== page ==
Wednesday, January 20, 2010

LDS Church News Article About Correlation Triggers An Avalanche Of Questions And Criticism By Faithful Mormons In The "LDS Blogosphere"

An article on correlation published by the LDS Church News on January 9th, 2010 seems to have generated more questions than answers throughout the LDS blogosphere. And these questions are not being asked by skeptics, dissidents or apostates, but by obviously faithful members of the Church.

The article is entitled "Use Proper Sources". It starts off by portraying a stereotypical frazzled woman scrambling to prepare a Relief Society lesson. The woman was sitting at her dining room table, buried in dozens of books and magazines, wondering just where to begin. Her daughter walks up, sees the problem, pulls out a copy of the latest instructional manual, and tells her mom to begin there. The point is that inspired Church-writing committees have already done the laborious hunting and pecking.

But just what is "correlation". Is it an attempt to impose a Soviet-style ideological orthodoxy upon the Church, or is it simply intended to promote greater efficiency and consistency? Correlation is actually an inspired effort conceived nearly 50 years ago to simplify the programs of the Church and unify Latter-day Saints in faith and doctrine. The First Presidency and the Quorum of the Twelve exercise oversight. Specific objectives include:

-- Maintain purity of doctrine.
-- Emphasize the importance of the family and the home.
-- Place all the work of the Church under priesthood direction.
-- Establish proper relationships among the organizations of the Church.
-- Achieve unity and order in the Church.
-- Ensure simplicity of Church programs and materials.

The bottom line - to ensure that the Gospel preached at an LDS ward in Paris, Texas is the same as the Gospel preached at an LDS ward in Paris, France. Makes sense, right?

Except the Church News article, which is not attributed to a specific author, goes on to counsel Church members to restrict themselves only to the manual, the scriptures, and perhaps official Church magazines, and to avoid using "uncorrelated" sources such as unofficial lesson plans, resources and information found in books and on the Internet, even if they are pro-LDS. And this is what got many people's panties bunched up.

Mormon Matters was the primary LDS blog to pick up the story, and it left many people shaking their heads in wonderment and frustration. Some of the commenters thought the new guidance too restrictive. Others were concerned that it would result in too much superficiality; one person commented that while the teenagers he taught can recite doctrine, they know very little about the church, its history, and its interpretation of scripture. Still others thought it would curtail their ability to personalize and tailor religious doctrinal lessons to fit the unique needs of their respective audiences. Of the 101 comments appended to the post, nearly all were critical in one way or another.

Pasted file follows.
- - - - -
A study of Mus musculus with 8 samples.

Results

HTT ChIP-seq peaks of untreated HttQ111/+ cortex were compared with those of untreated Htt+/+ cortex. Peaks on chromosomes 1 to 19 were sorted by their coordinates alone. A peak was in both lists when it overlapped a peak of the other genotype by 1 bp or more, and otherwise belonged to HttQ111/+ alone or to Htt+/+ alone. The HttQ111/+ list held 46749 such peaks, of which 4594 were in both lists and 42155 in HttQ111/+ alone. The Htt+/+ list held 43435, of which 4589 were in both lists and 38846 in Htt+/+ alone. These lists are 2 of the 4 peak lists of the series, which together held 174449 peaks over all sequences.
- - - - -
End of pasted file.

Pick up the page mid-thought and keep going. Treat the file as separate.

In contrast, Dave Bannack is more supportive of the Church News article over at Times and Seasons. You can also listen to an MRM roundtable discussion by Aaron Shafovaloff and Bill McKeever embedded below:

But is the concern legitimate or is it an over-reaction? Perhaps one of the General Authorities or some stake presidents may have discovered that too many instructors were only paying lip service to these manuals, and turning their classes into gabfests. Hard-earned tithing revenues are expended in researching, compiling, and publishing these manuals, and perhaps the General Authorities simply want to make sure the manuals are actually used so that members get the biggest possible bang for the tithing buck.

The bottom line - the real intent and purpose of this counsel is to get people back to using the correlated sources - the manuals and the scriptures - FIRST, before consulting uncorrelated sources. But Church leaders need to remember that much of this "uncorrelated" material consists of books written by faithful LDS authors such as W. Cleon Skousen, Duane Crowther, Bruce R. McConkie, and Hugh Nibley, just to name a few. Some of these books are big-time testimony-builders. Many of the "uncorrelated" websites, such as the one you're viewing right now, present LDS doctrine as accurately and faithfully as possible. These unofficial "faith-promoting" sources can add valuable augmentation to the contents of an official manual and can help instructors personalize their lessons more effectively.

I don't really believe the Brethren want instructors to completely ignore unofficial sources. Just make sure the official sources are used FIRST and FOREMOST. The purpose of Sunday School, Priesthood Meeting, Relief Society, and Primary is faith-promoting; material presented therein should be exclusively faith-promoting. Side issues such as how many wives Joseph Smith and Brigham Young had, or how many times the Book of Mormon has been "tuned up" have no place for discussion during an official Church meeting; such issues can be discussed outside Church.

1 comment:

Anonymous said...

I am one of those teachers that teaches from the cuff and I beleive that the youth today ahve to be tailored to their environment. Love the blog!!!